Written by Galen T. Shimoda and Justin P. Rodriguez
Depending on where they work, employees providing services as caregivers for the elderly, disabled, or otherwise infirm in California used to fall into two very different overtime compensation scenarios: 1) if an employee was working in a residential care facility that was not the private home of the person they were caring for, they generally fell within California’s overtime protection laws; and 2) if an employee was acting as a care giver in the private home of the person they were caring for, they generally were excluded from overtime protection laws. These two scenarios existed because of an overtime exemption known as the “personal attendant” exemption. The personal attendant exemption exists in California Wage Orders that cover both residential care facilities (Wage Order No. 5-2001) and direct, in-home care arrangements (Wage Order No. 15-2001). However, the Wage Order covering residential care facilities has an added requirement that the employer be a non-profit organization for the exemption to apply. Many residential care employers are private and the exemption from overtime compensation does not apply to them. Therefore, caregivers working in these residential care facilities are typically entitled to overtime wages.
On the other hand, the Wage Order covering direct, in-home care employers does not have the non-profit requirement. This makes it very difficult for these employees to demonstrate that they are entitled to overtime because they must show that more than twenty percent of their time is spent on tasks other than supervising, feeding, or dressing a client. While this may seem like an easy task, opinion letters from the Division of Labor Standards Enforcement (one of the state agencies tasked with enforcing California’s wage and hour laws) have not provided clear guidance on the scope of “supervise, feed, or dress.”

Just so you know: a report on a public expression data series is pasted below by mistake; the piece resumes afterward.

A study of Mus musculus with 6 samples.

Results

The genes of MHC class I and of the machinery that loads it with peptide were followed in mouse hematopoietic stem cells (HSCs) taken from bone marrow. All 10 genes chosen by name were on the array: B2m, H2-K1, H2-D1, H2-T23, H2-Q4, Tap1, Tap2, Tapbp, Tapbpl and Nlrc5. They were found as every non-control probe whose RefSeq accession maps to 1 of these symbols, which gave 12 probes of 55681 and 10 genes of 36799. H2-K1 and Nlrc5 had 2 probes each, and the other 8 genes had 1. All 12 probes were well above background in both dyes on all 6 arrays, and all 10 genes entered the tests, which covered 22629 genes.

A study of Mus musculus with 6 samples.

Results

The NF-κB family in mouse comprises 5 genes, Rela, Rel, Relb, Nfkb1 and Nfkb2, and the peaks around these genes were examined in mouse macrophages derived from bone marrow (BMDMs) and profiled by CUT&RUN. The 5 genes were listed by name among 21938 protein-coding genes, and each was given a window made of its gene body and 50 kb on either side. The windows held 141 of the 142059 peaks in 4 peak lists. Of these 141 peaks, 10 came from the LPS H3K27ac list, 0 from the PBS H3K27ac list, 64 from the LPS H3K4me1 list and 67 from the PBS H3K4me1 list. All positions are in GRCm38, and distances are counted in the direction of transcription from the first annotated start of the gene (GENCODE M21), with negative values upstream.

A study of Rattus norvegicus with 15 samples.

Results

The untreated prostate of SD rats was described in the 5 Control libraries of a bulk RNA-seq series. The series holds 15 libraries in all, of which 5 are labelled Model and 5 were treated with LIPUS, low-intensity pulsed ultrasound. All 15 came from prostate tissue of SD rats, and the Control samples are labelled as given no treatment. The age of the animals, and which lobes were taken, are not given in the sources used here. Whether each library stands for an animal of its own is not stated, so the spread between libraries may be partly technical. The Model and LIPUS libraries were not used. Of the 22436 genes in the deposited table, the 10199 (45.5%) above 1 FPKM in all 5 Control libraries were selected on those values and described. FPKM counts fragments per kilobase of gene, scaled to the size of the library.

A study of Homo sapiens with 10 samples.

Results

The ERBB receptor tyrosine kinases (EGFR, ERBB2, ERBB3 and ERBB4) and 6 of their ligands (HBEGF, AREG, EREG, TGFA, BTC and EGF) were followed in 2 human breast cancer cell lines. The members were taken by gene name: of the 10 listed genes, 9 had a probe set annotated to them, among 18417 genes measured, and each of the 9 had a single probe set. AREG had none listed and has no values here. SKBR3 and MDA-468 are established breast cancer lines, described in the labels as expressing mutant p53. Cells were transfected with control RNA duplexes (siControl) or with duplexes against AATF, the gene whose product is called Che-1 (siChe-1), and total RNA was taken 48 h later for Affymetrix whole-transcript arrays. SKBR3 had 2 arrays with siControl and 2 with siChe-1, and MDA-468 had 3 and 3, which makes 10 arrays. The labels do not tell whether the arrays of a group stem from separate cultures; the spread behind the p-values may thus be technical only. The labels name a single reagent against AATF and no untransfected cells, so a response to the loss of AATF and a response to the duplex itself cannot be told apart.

Then, on January 1, 2014, the added burden facing direct, in-home caregivers was lifted by the passage of Assembly Bill 241, which provides overtime wages to employees who are considered personal attendants working in private households. So as of January 1, 2014, caregivers working in private households are entitled to overtime pay for any hours worked over nine hours in a day or forty-five hours in a week. The more favorable calculation, i.e. daily or weekly, will be used to determine the total wages owed to an employee in any given pay period. Additional issues, such as whether hours are compensable for “on-call” shifts during the night or whether agreements are valid if they exclude up to eight hours for time spent sleeping during a twenty-four hour shift, will become even more pertinent now that the new law has passed. Ultimately, caregivers in California may have substantial amounts of unpaid wages owed to them in the near future given this law.
If you believe you have not been paid for all hours worked, please contact our office.